In mid May, I bought a Christopher Ward Trident C60 GMT watch. (This is a GMT watch that is waterproof to 300 meters and can also be used as a diver watch). The watch was new in the box, but I didn't buy it directly from Christopher Ward, but from a British guy on eBay. I'm very pleased with the watch (and the price I paid), but Christopher Ward includes a five-year warranty on their watches, and the seller said it could be transferred to me.
But I've been unable to get the warranty transferred because of various screw-ups. My seller didn't buy the watch from Christopher Ward directly, but from someone else, and Christopher Ward has no record of ever selling a watch to him. He then sent me the name of the guy who sold HIM the watch, and it turns out that wasn't the original buyer either. (And there may have been more -- the watch was new and the plastic on the back of the watch case had not been removed, so it was never worn by anyone for any length of time, but it may have been bought and sold many times).
I tried to get Christopher Ward to look up the original buyer by the watch's serial number to ask him if he sold his watch (partly to make sure it wasn't stolen). But their head of customer service told me they can't do that because they don't keep a record of the serial numbers of watches, just of names and addresses of the buyers, and the warranty can't be transferred without this information. (If you're going to PUT serial numbers on your watches, not keeping track of WHICH serial number goes to which buyer seems utterly daft to me, but that's the way they run their company).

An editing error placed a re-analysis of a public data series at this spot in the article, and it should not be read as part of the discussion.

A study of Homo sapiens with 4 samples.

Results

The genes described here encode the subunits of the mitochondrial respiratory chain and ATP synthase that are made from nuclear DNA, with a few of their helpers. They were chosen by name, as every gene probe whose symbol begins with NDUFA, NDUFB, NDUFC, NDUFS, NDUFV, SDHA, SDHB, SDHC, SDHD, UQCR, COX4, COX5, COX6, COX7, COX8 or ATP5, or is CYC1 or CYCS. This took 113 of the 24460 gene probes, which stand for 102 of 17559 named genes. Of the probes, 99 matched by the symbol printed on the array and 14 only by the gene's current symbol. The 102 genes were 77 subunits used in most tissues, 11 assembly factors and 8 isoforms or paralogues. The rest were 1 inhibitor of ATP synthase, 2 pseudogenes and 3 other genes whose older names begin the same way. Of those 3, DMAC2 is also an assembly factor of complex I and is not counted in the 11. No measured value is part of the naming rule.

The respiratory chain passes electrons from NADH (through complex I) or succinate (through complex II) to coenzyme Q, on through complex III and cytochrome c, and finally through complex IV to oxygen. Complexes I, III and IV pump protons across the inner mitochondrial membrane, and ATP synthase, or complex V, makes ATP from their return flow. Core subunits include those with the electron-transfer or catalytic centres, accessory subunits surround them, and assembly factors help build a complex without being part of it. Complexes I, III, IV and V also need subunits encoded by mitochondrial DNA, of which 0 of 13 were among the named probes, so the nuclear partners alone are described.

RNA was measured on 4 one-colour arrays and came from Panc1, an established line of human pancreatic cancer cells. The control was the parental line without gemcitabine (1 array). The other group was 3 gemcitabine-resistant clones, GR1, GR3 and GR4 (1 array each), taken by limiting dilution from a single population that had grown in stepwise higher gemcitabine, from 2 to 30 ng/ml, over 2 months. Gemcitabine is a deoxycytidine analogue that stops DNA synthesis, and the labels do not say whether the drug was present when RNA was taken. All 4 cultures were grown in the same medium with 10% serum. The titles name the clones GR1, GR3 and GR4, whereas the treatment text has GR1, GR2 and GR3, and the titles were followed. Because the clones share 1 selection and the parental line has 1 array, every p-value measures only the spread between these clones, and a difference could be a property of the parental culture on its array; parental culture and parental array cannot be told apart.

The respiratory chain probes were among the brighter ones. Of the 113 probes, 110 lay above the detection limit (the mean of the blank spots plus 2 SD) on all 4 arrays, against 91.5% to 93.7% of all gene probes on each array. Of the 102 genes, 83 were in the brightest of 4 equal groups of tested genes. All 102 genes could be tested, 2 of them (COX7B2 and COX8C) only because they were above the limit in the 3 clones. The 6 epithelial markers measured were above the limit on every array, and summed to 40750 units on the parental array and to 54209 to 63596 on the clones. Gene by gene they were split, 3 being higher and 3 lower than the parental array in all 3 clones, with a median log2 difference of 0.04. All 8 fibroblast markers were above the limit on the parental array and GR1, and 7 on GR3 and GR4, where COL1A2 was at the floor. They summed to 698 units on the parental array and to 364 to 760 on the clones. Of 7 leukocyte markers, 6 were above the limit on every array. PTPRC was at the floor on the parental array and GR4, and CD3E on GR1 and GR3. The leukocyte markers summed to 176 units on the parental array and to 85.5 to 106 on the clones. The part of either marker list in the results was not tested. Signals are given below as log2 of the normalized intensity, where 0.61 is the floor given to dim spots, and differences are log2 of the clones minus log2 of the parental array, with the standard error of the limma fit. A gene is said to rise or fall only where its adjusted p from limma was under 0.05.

It's been getting more and more difficult getting responses from my seller or from CW. American Express, the card I used, offered to cancel the sale, but I LIKE this watch and don't want to return it. So another option occurred to me -- if I can't get the warranty transferred, I could figure out how much a five-year warranty on a high-end watch is worth and get the seller to reduce the price by that amount. The case of this watch is constructed like a bank vault and the bracelet looks indestructible. The movement is an ETA 2893-2 that was gaining 15 seconds or so per day when I got it but has now settled down to much less.
So has anyone here needed repairs on a high-end ETA-powered sports watch in the first five years? And if you had a chance to buy the same watch with or without a five-year warranty, how much more would you pay for the warranty?